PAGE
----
7.6/10
1,833
24 user 29 critic

The Lusty Men (1952)

Retired rodeo champion Jeff McCloud agrees to mentor novice rodeo contestant Wes Merritt against the wishes of Merritt's wife who fears the dangers of this rough sport.


Complete credited cast:
...
Louise Merritt
...
Jeff McCloud
...
Wes Merritt
...
Booker Davis
...
Al Dawson
...
Buster Burgess
...
Rusty Davis
...
Rosemary Maddox
Lorna Thayer ...
Grace Burgess
...
Jeremiah Watrus
Karen Randle ...
Ginny Logan (as Karen King)
...
Red Logan
...
Babs

When he sustains a rodeo injury, star rider Jeff McCloud returns to his hometown after many years of absence. He signs on as a hired hand with a local ranch, where he befriends fellow ranch hand Wes and his wife Louise. Wes has big dreams of owning his own little farm, and rodeo winnings could help finance it. Wes convinces Jeff to coach him in the rodeo ways, but Louise has her doubts. She doesn't want her man to end up a broken down rodeo bum like Jeff McCloud. Despite Louise's concern, the threesome hit the road in their Woody, chucking a secure present for an unknown future. Will they find success or sorrow? This picture features plenty of rodeo action and thrills. Written by Thomas McWilliams <tgm@netcom.com>

Plot Summary | Add Synopsis

Taglines:

A Fast Buck... A Fast Bronc... A Fast Thrill!

Genres:

Action | Drama | Sport | Western

Certificate:



Country:

Language:

Release Date:

24 October 1952 (USA)  »

Also Known As:

Cowpoke  »

Filming Locations:

 »

Company Credits

Production Co:

 »
Show detailed on  »

Technical Specs

Runtime:

Sound Mix:

(RCA Sound System)

Aspect Ratio:

1.37 : 1

Trivia

The world's first rodeo was held July 4, 1869 in Deer Trail, Colorado. Cities such as Pecos, TX, Prescott, AZ, and Payson, AZ have also laid claim to the title, but Deer Trail has been officially recognized by the Professional Rodeo Cowboys Association (PRCA) as the first. See more »

Goofs

During the Tucson Rodeo sequence, bull rider [Chet?] Peterson switches hands mid-ride. See more »

Quotes

Rig Ferris: [Jeff has just been given a job as a ranch hand by a no-nonsense foreman] All right, I might as well tell 'ya right now, we got some strict rules on this place. We don't run our cattle like wild Indians 'cause it takes the fat off. We don't rope 'em unless we have to. We got some good-blooded stuff on this ranch and we can't sell 'em with broken legs.

Featured in Lightning Over Water (1980) See more »


 
So, You Still Want to Be a Cowboy
28 November 2008 | by (Claremont,USA) – See all my reviews

The movie's a real sleeper. Rodeos were never a popular theme for Hollywood, outside of Saturday matinées. Maybe that's why the studio came up with a misleading title that cheapens expectations. The movie certainly doesn't glamorize rodeo-ing. In fact, it's a pretty scathing look at both the inside and the outside. Jeff's (Mitchum) character is brilliantly conveyed early on as he drifts across the empty field along with other wind-blown discards. He's going back to his roots now that he's quit the circuit, with no other place to go.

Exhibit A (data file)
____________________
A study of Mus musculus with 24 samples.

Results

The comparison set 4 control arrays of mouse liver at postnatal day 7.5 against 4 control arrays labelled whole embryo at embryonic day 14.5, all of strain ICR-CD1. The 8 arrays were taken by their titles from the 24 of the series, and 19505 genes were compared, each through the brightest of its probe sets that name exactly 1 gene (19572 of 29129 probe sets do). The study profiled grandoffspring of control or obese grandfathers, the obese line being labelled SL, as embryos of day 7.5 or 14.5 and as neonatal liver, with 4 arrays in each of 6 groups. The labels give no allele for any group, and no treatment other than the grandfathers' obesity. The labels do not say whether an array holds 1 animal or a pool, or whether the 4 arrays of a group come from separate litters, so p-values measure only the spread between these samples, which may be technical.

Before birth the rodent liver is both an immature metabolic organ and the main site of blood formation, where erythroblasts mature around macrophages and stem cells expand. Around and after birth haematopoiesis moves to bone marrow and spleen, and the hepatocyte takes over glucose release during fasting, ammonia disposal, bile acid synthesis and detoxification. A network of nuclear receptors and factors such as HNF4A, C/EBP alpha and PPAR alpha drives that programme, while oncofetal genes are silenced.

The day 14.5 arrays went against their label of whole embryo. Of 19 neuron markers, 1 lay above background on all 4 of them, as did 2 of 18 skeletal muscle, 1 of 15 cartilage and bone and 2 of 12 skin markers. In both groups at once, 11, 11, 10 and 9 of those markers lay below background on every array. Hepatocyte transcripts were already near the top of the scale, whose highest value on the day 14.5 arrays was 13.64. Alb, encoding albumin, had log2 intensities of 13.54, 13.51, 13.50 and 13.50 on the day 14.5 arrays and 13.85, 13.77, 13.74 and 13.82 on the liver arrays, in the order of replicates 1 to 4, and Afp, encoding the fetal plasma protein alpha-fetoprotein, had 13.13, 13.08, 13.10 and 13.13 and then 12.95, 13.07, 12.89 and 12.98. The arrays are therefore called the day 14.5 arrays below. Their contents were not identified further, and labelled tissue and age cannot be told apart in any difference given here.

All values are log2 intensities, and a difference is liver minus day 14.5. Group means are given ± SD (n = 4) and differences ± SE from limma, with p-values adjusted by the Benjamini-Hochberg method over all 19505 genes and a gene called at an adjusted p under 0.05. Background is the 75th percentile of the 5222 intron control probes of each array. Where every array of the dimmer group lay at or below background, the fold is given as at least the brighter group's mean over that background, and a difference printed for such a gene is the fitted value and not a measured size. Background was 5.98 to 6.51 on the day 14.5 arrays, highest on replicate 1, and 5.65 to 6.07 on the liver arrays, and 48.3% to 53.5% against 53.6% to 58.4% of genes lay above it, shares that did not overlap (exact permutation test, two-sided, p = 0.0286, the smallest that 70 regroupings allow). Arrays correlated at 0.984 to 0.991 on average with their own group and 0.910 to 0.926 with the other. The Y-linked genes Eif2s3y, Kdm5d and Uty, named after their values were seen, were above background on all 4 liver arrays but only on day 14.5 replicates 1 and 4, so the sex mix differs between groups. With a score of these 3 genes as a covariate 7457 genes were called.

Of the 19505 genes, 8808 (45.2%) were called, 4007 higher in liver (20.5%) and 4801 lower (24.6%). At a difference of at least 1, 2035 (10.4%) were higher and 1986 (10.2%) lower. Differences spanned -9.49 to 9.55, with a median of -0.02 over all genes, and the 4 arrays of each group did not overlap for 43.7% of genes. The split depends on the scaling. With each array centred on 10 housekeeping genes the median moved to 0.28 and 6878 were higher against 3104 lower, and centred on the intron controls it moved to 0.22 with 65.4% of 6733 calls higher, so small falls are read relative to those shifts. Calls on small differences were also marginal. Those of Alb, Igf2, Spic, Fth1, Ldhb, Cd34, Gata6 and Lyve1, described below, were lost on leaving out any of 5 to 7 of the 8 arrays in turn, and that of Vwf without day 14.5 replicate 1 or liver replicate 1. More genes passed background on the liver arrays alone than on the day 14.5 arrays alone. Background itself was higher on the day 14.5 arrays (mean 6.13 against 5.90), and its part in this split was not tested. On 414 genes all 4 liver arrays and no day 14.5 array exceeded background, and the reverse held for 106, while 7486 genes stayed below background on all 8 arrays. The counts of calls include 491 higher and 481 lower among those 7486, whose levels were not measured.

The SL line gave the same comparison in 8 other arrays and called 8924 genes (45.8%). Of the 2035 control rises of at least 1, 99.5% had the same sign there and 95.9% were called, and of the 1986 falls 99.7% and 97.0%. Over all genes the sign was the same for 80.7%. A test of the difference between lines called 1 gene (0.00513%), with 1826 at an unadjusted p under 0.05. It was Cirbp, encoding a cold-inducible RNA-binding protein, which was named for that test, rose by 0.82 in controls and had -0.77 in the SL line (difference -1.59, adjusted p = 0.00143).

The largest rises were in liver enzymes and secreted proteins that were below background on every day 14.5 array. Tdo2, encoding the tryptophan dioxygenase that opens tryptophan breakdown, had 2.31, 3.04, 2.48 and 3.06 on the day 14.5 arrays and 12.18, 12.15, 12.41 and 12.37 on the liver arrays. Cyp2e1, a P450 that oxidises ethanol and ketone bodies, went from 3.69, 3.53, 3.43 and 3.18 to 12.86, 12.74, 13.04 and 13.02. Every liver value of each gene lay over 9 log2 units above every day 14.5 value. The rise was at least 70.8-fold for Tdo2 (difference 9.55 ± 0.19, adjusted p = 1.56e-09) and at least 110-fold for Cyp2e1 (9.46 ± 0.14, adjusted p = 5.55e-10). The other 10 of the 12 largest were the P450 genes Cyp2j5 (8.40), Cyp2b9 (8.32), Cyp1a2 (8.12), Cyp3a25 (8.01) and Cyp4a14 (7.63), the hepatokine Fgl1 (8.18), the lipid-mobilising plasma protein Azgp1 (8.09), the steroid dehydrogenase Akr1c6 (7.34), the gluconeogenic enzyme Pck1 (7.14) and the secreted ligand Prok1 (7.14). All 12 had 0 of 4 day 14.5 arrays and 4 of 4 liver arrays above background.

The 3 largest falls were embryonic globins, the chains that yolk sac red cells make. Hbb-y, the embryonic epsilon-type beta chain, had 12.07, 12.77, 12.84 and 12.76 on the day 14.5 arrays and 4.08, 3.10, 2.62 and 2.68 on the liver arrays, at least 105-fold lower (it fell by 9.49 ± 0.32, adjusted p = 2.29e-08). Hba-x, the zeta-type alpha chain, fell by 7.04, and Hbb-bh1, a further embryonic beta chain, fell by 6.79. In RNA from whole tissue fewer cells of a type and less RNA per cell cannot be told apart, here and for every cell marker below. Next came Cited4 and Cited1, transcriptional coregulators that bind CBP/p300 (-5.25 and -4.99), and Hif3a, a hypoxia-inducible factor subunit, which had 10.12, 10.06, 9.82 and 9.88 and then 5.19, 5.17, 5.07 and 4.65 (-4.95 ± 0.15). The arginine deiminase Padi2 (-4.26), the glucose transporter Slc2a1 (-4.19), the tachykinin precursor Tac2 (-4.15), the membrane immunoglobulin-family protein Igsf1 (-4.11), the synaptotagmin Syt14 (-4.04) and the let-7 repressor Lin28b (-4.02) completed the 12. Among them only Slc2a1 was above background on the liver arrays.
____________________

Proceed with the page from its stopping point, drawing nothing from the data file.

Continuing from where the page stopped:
So he hooks up with ambitious Wes (Kennedy) and his no-nonsense wife Louise (Hayward). For half of Wes's winnings, veteran rodeo-er Jeff can guide the talented newcomer as he joins the circuit. The trouble is Jeff is attracted to the loyal Louise even as Wes begins to live the fast life on his big winnings. Louise, however, only wants what she's always wanted—a little spread of her and Wes's own where they can make a home. But Wes is forgetting those plans as he succumbs to the hard-partying of the rootless circuit. So, what will Louise do and just as importantly what will the love-lorn Jeff do now that the marrieds are growing apart.

The partying scenes are particularly well done, conveying just the right touches of cheap booze, loose women, and tall tales. Note that telling camera angle of the grizzled Booker (Hunnicutt) as he gazes up a shapely leg from floor level—one shot can speak the proverbial volumes. Note too, the subtle way the script implies that trick-rider Rosemary has been sleeping–around, apparently an approved practice in these circles, contrary to the mores of the time (1952). Also, the shower scene when Al (Faylen) walks in is a neat bit of implied humor that depends on audience savvy for its chuckles. It's quite an intelligent screenplay, except for maybe the abrupt, but oddly satisfying, last scene.

Cult director Ray oversees with his usual artistic sensibility, though it looks like he was still suffering intermittent illness since an uncredited Robert Parrish gets a credited appearance from IMDb. And, of course, Mitchum is Mitchum, so low-key here it's hard to read his feelings at any point. No, in my little book, it's Susan Hayward's movie. By golly, she's escaped that dead-end tamale shop and nothing's going to stop her little dream. The guys may be physically tougher, but none can match her inner strength, and Hayward brings it all off in thoroughly convincing fashion. I can't conceive that the movie made money, as downbeat as it is. And I wonder what audiences lured in by the lurid title thought once they saw rodeo. Nonetheless, the film remains an outstanding example of movie-making in a minor key.